A French Jet-Ski champion and entrepreneur invented the flyboard in 2011. Popularity spread over the Internet and the company rapidly expanded to lake and ocean communities. People can “fly” at heights of 30 feet in the air and also sail through water, both using thrust from a Jet-Ski. Besides feeling weightless, riders also have a unique perspective. “You just get up there and enjoy the ride,” Vanecek says.
You almost have to watch a flyboard in action to understand it. Without the hoses, a flyboard looks like boots attached to a snowboard. A hose extends from the base of the board and attaches to a personal watercraft. The thrust from the Jet Ski propels the rider out of the water in whatever direction the rider chooses.
The rider tilts her feet to control movement and a hose attaches to each of the rider’s arms so she can balance, much as you would with ski poles. “It’s an interesting sensation,” Vanecek says. “You sit in the water like you are sitting on a chair. Once the Jet-Ski driver hits the gas or throttle, you have a gentle pull out of the water and you are hovering over the water.”
The man driving the Jet-Ski—and the flyboard rentals—on Lake Minnetonka is Rodney Jansen. He heard about flyboards through a friend and saw them in action online. After a company representative visited Jansen and let him experience the ride, he was sold. “I thought it was the most fun I’ve ever had,” Jansen says. “I thought, ‘I’m getting one of these no matter what.’”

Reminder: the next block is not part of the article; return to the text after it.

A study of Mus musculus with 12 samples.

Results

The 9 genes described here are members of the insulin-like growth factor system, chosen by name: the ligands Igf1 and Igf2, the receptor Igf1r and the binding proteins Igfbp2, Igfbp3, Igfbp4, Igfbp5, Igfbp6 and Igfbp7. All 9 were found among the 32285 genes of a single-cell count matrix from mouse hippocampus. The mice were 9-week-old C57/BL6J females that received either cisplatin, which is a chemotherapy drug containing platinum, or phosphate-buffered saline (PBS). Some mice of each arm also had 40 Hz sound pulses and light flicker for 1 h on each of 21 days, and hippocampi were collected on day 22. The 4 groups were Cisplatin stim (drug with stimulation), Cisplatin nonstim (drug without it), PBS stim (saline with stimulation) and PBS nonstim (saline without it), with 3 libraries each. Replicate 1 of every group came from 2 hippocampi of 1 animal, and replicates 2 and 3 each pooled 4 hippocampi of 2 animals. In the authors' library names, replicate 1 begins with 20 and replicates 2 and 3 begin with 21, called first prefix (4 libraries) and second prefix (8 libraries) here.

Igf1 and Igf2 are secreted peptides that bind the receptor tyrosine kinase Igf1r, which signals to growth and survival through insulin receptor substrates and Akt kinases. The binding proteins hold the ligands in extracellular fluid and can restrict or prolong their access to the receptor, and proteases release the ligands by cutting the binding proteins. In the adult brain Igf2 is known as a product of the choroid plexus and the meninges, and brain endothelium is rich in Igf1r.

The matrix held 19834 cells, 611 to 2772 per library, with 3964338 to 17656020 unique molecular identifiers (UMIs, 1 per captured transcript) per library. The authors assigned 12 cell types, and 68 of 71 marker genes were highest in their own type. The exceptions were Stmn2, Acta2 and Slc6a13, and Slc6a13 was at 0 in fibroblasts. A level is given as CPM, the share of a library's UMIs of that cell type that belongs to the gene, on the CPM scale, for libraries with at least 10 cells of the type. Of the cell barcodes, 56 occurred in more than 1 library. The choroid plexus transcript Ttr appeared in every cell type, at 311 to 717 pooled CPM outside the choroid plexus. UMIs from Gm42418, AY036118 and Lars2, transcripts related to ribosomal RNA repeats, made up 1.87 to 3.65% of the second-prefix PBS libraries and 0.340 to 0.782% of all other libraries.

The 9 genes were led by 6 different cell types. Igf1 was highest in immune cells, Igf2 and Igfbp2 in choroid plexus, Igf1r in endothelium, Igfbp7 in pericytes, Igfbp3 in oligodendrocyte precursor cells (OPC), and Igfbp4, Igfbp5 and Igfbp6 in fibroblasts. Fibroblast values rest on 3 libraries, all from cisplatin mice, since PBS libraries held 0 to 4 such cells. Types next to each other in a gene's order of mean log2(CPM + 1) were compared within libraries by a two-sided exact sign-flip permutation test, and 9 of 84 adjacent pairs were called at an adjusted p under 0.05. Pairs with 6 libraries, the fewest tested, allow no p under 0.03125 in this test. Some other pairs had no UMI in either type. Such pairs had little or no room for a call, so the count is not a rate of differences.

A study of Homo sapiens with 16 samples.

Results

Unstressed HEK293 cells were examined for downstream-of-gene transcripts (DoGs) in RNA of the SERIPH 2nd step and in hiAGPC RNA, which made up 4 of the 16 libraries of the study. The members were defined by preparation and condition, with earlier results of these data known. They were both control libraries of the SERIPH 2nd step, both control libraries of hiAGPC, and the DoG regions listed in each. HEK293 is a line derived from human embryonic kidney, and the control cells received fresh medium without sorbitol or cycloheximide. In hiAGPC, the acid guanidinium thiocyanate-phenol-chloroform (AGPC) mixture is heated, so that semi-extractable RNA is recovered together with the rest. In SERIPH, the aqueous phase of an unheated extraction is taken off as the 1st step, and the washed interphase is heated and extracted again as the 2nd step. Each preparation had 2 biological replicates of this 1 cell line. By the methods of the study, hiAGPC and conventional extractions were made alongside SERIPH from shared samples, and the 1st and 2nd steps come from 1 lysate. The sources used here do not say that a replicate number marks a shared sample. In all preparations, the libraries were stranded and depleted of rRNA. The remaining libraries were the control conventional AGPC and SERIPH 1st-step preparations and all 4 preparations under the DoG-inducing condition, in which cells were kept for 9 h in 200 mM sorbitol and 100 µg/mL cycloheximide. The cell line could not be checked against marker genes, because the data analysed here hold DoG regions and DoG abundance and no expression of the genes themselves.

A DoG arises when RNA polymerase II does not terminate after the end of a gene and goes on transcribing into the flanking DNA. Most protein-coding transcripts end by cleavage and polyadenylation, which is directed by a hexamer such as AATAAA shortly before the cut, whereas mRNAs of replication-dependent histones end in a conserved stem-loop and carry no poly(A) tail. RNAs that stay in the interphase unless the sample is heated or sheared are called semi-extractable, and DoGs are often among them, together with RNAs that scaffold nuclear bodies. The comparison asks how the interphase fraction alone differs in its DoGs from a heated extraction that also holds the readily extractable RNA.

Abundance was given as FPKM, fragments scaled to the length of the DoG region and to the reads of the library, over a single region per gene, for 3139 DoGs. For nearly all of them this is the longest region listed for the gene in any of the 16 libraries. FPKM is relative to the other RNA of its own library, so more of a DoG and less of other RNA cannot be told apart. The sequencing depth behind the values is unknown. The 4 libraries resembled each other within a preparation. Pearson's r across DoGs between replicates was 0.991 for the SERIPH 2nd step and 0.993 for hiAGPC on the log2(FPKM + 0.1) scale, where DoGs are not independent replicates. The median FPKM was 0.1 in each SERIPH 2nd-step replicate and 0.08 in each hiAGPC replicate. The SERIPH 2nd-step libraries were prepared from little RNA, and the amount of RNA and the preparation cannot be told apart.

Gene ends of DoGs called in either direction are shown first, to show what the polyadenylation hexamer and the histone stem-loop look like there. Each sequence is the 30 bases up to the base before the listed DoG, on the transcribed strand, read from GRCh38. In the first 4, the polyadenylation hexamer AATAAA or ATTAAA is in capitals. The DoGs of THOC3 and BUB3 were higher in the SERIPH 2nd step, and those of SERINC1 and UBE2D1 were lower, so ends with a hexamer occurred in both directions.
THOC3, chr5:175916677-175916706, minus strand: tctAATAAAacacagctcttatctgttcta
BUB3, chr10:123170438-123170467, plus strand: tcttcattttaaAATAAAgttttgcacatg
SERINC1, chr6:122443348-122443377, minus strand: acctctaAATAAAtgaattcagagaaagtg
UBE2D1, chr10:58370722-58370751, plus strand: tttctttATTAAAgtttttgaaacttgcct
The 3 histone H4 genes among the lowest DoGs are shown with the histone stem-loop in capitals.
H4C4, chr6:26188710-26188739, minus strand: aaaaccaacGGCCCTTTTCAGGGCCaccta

Since Jansen had experience renting Jet Skis on Lake Minnetonka, introducing flyboards seemed like a good idea. “I grew up [here] and it’s a very popular lake,” says Jansen, “so I know [the sport is] just going to explode. Everyone who sees it says, ‘I want to do it.’ ” Jansen says most of the public hasn’t heard of flyboards, so he’s used to stares when he’s used them around the lake. “People see it and just start talking about it,” he says. “There’s nothing like this that’s been invented.”
Minnesota Flyboard Rentals, Jansen’s company, currently has two flyboard units that he rents for $299 an hour. He offers a series of packages ranging from a half-hour rental to a full day. With those packages, Jansen provides instruction and drives the Jet-Ski.
Jansen says flyboards are very safe. “In a rental, I’d be on the Jet-Ski running the throttle. I’m going to get them a foot out of the water, let them get their balance and slowly raise them up,” Jansen says. “They are fully in control of everything they do except they aren’t running the throttle. If they get too close to the Jet-Ski, I can shut them down.” Flyboard riders must be at least 18 years old to ride and must wear a personal floatation device.
Jansen also rents out the flyboard for lake parties, which is what Vanecek plans to do for her son’s 21st birthday. “He doesn’t even know it yet,” she says. “It’s just a super-fun ride.” Vanecek says it takes about a half-hour to get the hang of the ride, and then you are soaring.
Flyboards seemed like just the kind of thing that Ryan Dobey of Waverly wanted to try. Like most first-time riders, Dobey saw flyboards online. Though people said he was crazy to try it and he’d get hurt, Dobey says, “by far, it’s one of the lower-key sports.” Dobey says the zero gravity aspect reminded him of riding the Power Tower at Valleyfair, but without a seat. “You shoot straight into the air,” he says. “And don’t let it trick you. It’s not as scary as it looks.”
Brandon Tolliver’s story starts 10 years ago, when he and his college friends watched several YouTube videos that inspired them to try surfing a boat’s wake on Lake Minnetonka.
While that may sound like a recipe for disaster, it has led to anything but. Today, Tolliver is a professional athlete, co-owner of Surf Tonka, and—as I experienced first-hand—a fantastic teacher.